A site to site IPsec VPN consists of two phases; Phase 1 – IKE exchange and Phase2 – Establishing the ipsec tunnels. It is important to figure out which part of the negotiation the VPN is failing at.
However, before all that, we should check if the traffic is getting to the firewall in the first place. To do this we should turn on icmp debug on the firewall.
debug icmp trace
If you are logged in to the firewall via ssh or telnet, unlike the console you may find that you want to redirect the output of the debug to the screen. To do this enter:
Once that is done, you can now start pinging the system you want to reach at the other end. Observe the icmp packets as it reaches the firewall, it should first reach the firewall and then NATed to the global IP that was assigned in the VPN. If this is not true, check your nat and global acls and statements. You may want to use these statements to investigate your config
sh run nat sh run global sh run access-list acl-name
If the traffic is being properly natted you are safe to turn off icmp tracing as you know the traffic is reaching the firewall and being translated properly.
The next step is to verify that PHASE 1 negotiation is complete. Make sure to keep pinging the target host as it would ensure that the VPN tunnel is staying active.
sh crypto isakmp sa detail.
This will display if the sa – security association has been established. From the output you will see the status of the negotiation, if it succeeds will you see that status has become active and your sa time to live should start to decrement.
If not, turn on debugging for the phase 1:
debug crypto isakmp
Verify that there are no mismatches in the configuration as usually that should be the problem. Do a:
sh run crypto
Verify that the config does match the configuration provided to you on the other end. You may also find that the admin on the other end may have their configuration misconfigured. Try to ensure that your configuration is correct before blaming others as you don’t want to to look stupid.
If the phase 1 configuration is complete, then you can move on to troubleshooting phase 2. Much like phase 1 you want to “sh the crypto status”.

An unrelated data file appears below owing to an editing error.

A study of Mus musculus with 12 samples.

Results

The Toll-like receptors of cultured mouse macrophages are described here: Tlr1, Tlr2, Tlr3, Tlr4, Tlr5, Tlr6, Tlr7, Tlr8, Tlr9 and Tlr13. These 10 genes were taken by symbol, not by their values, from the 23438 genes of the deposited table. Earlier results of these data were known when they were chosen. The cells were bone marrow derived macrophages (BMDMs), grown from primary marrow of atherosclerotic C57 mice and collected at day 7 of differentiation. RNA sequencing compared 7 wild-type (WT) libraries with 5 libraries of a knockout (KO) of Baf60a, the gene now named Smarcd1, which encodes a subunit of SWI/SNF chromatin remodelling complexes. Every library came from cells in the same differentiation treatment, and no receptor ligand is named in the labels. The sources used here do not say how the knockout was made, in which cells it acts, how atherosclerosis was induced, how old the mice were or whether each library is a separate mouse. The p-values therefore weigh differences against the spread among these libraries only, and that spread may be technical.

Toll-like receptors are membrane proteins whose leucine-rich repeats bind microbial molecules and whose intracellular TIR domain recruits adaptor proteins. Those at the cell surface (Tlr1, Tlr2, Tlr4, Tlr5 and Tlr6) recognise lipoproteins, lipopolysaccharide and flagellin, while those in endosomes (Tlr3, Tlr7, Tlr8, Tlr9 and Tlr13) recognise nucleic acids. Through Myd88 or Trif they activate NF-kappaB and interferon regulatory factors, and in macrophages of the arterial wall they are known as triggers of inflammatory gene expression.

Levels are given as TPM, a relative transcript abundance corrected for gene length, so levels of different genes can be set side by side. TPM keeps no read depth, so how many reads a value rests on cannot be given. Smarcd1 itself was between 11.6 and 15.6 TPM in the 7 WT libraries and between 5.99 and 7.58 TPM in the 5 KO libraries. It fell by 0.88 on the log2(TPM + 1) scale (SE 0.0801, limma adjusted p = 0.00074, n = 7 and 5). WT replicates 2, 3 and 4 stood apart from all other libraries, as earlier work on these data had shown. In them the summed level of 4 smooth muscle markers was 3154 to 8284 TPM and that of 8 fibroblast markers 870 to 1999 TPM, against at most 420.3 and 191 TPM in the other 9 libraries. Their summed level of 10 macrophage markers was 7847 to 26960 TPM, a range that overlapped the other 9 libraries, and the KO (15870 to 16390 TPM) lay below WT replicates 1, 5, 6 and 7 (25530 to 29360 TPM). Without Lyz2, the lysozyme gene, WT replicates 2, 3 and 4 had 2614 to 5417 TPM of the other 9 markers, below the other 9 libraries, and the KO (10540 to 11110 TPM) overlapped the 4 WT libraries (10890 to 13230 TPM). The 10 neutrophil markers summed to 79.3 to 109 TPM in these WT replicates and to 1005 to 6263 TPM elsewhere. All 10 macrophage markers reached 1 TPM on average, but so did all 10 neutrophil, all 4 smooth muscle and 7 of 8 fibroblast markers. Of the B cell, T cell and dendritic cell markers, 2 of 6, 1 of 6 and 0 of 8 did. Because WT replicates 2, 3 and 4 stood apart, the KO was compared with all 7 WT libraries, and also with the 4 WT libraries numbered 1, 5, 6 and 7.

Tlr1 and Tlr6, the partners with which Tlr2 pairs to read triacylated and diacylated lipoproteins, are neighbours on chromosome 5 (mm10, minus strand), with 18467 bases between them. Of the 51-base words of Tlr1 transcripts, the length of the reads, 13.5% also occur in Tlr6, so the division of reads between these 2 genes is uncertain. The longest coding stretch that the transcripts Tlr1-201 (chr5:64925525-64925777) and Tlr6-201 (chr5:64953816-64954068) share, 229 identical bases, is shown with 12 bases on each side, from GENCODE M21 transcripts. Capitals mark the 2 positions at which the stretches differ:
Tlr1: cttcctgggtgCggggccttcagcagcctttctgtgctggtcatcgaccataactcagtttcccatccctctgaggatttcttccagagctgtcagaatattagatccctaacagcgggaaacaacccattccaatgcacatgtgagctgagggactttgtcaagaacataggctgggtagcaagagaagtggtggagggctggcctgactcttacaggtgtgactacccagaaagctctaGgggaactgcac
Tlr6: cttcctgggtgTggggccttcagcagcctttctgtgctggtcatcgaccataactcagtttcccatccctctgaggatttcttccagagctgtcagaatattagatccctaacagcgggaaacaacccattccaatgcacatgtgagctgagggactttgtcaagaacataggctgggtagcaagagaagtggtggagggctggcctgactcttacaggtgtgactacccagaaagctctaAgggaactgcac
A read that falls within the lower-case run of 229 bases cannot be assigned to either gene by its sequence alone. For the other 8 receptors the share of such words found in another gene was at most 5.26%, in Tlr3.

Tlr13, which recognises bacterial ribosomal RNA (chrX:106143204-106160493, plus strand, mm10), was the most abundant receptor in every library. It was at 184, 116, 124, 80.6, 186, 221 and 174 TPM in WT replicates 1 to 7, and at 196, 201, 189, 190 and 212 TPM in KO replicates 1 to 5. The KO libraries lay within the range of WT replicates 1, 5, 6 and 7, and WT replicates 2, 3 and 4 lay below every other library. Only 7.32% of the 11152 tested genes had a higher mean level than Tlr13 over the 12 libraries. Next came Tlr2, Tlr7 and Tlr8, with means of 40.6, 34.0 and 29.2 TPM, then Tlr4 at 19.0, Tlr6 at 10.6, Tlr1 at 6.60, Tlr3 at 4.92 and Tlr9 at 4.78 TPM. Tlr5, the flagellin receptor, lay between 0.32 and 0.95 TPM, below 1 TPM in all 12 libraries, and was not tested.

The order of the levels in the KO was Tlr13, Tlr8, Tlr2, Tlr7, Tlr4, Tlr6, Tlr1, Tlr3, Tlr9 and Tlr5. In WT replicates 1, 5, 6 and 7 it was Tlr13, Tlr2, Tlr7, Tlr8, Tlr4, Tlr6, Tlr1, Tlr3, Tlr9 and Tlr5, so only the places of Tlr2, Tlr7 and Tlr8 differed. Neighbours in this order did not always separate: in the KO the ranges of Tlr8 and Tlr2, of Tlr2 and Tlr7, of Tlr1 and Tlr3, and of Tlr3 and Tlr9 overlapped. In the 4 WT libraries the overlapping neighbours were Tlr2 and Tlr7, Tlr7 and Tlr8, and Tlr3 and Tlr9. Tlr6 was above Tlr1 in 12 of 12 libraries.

sh crypto ipsec sa detail id-number
The id number here is the crypto-map sequence id number entered for the specific tunnel. Verify that something is displayed. If nothing is displayed then there is likely a problem with the configuration of the phase 2. Check that the ipsec transforms sets are matching as this was the problem that I ran into.
Once that is all done and both phase 1 & 2 are complete then the tunnel should be up. Now, if you have read carefully, all this requires that you ensure that the tunnel is up by launching a consistent ping against a target host at the other end. However, if you realize that both phase 1 & 2 have been established but you do not see any icmp replies, this may be to do with the NATed address that was provided to the other side. What usually happens is that the other end would have an access-list that would only allow traffic from one specific NATed ip. If this is wrong, you will not get any response even if the tunnel is up. Also, make sure that the outgoing acls on the firewall is to allow icmp going out. Depending on the corporate policy one may have defined only specific IP going out.
One last tool to troubleshoot Cisco IPsec VPNs, use the ASDM! This neat GUI will tell you all the information at a glance. It is a useful too for viewing your configuration. Also, try using the packet tracer on the ASDM. It will display in detail how the packet traverses each component in the firewall and show you the likely place to look at in your settings.
That’s it for troubleshooting VPNs. These are the problems that I ran into when I set it up. I hope when I look back at this post I can remember what pains I have gone through and ensure that I follow these steps to avoid them!